Wednesday, April 6


She watched the plume of the dust, travelling up the long, dusty road. It seemed to melt into the smokey-leaved Eucalyptus's, to be absorbed by their branches, and mottled, peeling , trunks.

When his Ute screeched to a halt in her front yard, she was standing, defensively, on the front veranda, her body stiff with anger, and a little, hesitant, expectancy.

She watched him leap from the Ute, his dusty jeans faded and torn. His shabby boots and faded shirt, some sort of defence, or a vulnerability, to her eyes.

Her heart went weak, at the familiar shabbiness, but she had a sudden stab of strength, and she faced him defiantly.

"What are you doing here?"

Not so much a question, as a statement.

"I thought we might talk."

"Talk seems little,... a little, a lot too late?"

She shifted her weight from one leg to the other, and felt a sudden surge of angry power, as if, she was in charge of this encounter.
She crossed her arms in a protective gesture, and glared at him, as he stood, a little indecisively, with one foot on the bottom step of the veranda.

"There is nothing to talk about." She swayed a little when she said this.

Her body, surely, seemed about to betray her. She thought 'I refuse to cry, or break down! No one is to see the depth of my grief! Not even his father!'

Their marriage had seemed to gradually sink into nothingness.She could not define any moment or time when it had begun to fray, unravel, and fall apart.
They had just seemed to become separate entities, with silent feelings and sole thoughts, emotions, ideas, and perhaps, even dreams.

Their son was the only cement, which had kept them together. He was a bright light for both of them, and he could bring them together for a time, when he broke into animated discussion of his school achievements, or his running victories.

His face would light up, and he would recount his running  triumphs, and make them both laugh, to hear how he planned the strategy of his races. He was so swift and true to his passion for running, they both stopped to listen and applaud. They did their best to attend every race he was in, to watch his triumphs, together.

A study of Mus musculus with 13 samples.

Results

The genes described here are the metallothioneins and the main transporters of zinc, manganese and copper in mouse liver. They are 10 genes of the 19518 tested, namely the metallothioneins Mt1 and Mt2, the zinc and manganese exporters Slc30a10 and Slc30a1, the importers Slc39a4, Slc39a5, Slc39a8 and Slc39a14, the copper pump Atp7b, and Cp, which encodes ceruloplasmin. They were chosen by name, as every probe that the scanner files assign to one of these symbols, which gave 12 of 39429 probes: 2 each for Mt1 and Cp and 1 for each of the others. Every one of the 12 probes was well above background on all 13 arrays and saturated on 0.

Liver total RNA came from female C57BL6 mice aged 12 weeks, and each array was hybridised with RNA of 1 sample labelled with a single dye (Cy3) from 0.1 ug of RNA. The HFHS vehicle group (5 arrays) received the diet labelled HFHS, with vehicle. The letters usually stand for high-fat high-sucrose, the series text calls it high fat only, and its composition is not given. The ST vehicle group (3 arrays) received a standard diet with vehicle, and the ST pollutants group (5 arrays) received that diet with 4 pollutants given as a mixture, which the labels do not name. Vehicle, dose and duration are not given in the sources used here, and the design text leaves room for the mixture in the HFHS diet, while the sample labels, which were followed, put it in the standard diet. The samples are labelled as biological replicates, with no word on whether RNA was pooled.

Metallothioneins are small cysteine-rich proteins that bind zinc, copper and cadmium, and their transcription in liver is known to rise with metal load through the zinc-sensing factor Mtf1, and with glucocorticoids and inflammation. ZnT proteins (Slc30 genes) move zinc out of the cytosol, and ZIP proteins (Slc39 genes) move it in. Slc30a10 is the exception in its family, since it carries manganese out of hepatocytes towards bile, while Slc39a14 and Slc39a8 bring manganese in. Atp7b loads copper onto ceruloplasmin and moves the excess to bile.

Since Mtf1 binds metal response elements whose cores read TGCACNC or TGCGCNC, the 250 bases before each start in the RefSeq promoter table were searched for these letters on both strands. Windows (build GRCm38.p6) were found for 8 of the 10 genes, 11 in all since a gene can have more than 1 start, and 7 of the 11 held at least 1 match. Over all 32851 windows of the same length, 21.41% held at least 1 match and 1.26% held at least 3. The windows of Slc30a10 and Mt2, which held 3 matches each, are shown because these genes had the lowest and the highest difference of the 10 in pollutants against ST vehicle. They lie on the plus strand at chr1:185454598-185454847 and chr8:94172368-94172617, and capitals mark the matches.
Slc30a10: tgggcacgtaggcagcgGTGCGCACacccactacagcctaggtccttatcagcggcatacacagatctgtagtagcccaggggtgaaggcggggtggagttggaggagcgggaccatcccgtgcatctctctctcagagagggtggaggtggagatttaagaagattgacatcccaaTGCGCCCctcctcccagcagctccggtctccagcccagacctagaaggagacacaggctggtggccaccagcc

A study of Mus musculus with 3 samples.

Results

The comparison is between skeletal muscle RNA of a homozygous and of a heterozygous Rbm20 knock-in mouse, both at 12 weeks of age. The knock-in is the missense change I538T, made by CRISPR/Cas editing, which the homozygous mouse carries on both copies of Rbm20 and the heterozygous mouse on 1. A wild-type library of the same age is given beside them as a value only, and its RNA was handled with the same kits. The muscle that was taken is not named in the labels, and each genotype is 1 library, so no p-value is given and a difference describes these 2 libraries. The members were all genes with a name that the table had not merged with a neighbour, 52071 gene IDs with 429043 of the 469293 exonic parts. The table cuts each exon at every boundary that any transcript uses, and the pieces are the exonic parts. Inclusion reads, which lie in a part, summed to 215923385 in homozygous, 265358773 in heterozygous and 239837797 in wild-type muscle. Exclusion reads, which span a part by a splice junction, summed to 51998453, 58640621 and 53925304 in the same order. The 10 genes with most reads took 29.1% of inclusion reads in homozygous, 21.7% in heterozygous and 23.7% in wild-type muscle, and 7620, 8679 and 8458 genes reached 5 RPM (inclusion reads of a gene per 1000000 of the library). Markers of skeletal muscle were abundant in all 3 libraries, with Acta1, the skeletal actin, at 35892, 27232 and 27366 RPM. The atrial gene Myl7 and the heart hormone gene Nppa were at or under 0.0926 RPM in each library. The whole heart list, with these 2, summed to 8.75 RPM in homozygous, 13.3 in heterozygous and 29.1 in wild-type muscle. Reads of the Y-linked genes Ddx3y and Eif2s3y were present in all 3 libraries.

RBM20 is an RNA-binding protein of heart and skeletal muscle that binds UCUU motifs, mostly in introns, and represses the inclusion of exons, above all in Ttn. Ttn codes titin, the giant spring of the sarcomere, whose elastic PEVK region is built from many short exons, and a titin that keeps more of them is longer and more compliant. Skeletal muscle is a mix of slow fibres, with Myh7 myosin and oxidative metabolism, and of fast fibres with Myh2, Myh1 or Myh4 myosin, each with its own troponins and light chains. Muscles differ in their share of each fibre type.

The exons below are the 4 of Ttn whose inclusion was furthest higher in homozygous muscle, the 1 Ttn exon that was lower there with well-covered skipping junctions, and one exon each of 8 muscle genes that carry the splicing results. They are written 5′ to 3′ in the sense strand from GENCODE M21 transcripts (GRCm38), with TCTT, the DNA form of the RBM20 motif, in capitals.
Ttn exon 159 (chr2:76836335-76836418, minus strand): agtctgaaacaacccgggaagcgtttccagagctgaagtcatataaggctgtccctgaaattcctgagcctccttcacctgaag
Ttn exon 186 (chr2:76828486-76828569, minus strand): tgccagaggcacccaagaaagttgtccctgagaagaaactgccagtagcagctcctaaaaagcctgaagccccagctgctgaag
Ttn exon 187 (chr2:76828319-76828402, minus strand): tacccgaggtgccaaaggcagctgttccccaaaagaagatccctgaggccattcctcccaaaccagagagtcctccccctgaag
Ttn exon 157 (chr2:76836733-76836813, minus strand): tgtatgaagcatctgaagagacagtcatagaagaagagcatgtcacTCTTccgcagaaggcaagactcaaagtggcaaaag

When he drowned, aged Fourteen, in the Damn on their property, no one in the community could believe it. He had been such a strong swimmer. Such a strong Athlete.
How could this have happened? Where had his  parents been? Had they not known he was swimming in the damn?

The self recriminations for both of them had haunted them. There was no coming back from this tragedy. They both blamed each other. They both blamed themselves.

There was no road back from this.

There were no returns.


Mary said...

Meggie - as sad as this story is it reminds me of the years I have enjoyed reading your stories and how evocative they are..

Thimbleanna said...

So sad, but pretty. How did I not know you did these stories? Has it been that long since you wrote one?

ancient one said...

You still have it. Best storywriter in Blogland, that I know! Hope the things in your personal life are going along okay. Think of you and GOM often!

Catalyst said...


Ali Honey said...

Is this a story or is it based on a true happening.( something about it rings familair )
It made me quite upset to read it.
Are you okay Meg? Hugs , Ali.

Anonymous said...

This was powerful and very human. You are a wonderful stylist.

Meggie said...

Hi All,
No, the story is purely fiction. I had intended to post it on my other blog, Down from Feathers, but Blogger decided to be arbitrary.

Pauline said...

Meggie - so much emotion packed in such a small story - well done! It's always a treat to read one.

Hope you and GOM are okay.

Angie said...

So poignant and heart- wrenching. I think of you and GOM and wonder how your daily life is. I'm so glad to see from your photos that you are still able to 'see' some of Life's Free Treats. Hugs, my dear Meggie.

Steve said...

Very nice. Ah, you are the Down from Feathers. I never made the connection.

The Sagittarian said...

Powerful. Hope you're ok there Meggie, been thinking about you and your family. xx

Stafford Ray said...

Hi Meggie, a sad story that speaks of blaming and not being sympathetic to the pain for what should be best friends... dams claim some lives but they are fun for countless country kids too, mine included.

Steve said...

I feel a little embarrassed. When I first read this I took Ute to be a horse. When I looked it up, turns out it's a pick-up. Learn something new everyday.

Jerry said...

How can you write with such strength and delicacy at the same time?

Ulrike said...

Wow, Meggie, that is a stunning piece. So much emotion in such a short story.